Recently, the wife of a former director of CeaseFire Illinois, an organization dedicated to stamping out gang violence, has filed for divorce from her husband, citing irreconcilable differences and mental cruelty. The divorce petition filed asks for a division of the marital property, as well as sole possession of the marital home and the possessions inside that the couple had shared in marriage.
The husband had previously been arrested for misdemeanor domestic battery, and the police noted that the wife showed signs of injury at the investigation. As a result of this conviction, the man was forced to resign as director of CeaseFire Illinois. The 50-year old man is credited as having pioneered the use of violence mediators to resolve conflicts between rival gangs as director of CeaseFire Illinois. The man maintains his innocence on the charge of domestic battery.
Divorce incidences where the parties’ relationship is contentious, such as the one in this case, are the most difficult due to the emotional tensions between the parties. The desire for the spouses to hurt each other often leads to disputes over property division, child custody/support, or alimony payments. In situations involving mental or physical cruelty, an abused spouse has the legal right to seek a temporary restraining order against the attacker for her own protection or those of the children.
In dividing the marital property, courts in Illinois attempt to achieve a fair outcome between the parties, and will award the spouses a percentage of the total value of the marital property. The property may be split regardless of the income levels of the spouses. The marital house is typically given to the spouse who does the most to raise the children, but courts are more flexible when there are no children involved. A spouse may jeopardize his or her right to the marital property if the court believes they are acting out of spite.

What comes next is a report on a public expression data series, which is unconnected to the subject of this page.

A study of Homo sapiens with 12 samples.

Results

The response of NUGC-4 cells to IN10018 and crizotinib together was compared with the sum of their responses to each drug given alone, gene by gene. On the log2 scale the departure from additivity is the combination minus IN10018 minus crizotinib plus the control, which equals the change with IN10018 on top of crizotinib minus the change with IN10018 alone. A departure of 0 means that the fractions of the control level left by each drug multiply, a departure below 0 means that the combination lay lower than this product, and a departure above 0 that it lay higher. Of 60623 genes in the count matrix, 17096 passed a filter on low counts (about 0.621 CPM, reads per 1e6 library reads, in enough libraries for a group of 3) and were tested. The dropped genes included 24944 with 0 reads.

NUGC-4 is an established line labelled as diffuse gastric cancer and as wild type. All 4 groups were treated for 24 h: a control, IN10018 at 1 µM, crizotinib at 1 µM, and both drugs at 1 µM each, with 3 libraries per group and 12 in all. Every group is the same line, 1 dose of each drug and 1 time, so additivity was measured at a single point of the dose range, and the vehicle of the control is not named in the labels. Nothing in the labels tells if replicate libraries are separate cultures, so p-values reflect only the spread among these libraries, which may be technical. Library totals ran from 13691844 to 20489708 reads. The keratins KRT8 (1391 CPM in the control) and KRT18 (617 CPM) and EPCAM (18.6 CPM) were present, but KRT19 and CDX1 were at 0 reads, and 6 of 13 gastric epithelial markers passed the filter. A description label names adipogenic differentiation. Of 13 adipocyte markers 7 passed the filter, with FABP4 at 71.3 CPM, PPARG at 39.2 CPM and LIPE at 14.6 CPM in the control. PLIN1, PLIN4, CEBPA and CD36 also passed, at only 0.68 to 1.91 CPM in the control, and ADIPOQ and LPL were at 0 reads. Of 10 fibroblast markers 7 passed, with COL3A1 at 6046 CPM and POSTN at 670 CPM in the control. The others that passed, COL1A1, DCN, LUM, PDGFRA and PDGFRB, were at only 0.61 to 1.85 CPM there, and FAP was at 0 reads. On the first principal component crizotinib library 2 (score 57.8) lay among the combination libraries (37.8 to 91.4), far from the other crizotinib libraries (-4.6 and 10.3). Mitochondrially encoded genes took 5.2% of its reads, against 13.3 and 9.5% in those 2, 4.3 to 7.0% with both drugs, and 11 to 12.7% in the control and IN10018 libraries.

All divorcing couples have the legal option to make the process as easy and emotionally painless as possible by creating a plan for alimony, child custody and visitation, and property division. In this way, the toxic feelings created by a divorce can be avoided, and a truly fair and equitable solution can be reached.
Source: Chicago Tribune, “Former CeaseFire director’s wife files for divorce,” Deanese Williams-Harris, June 19, 2013.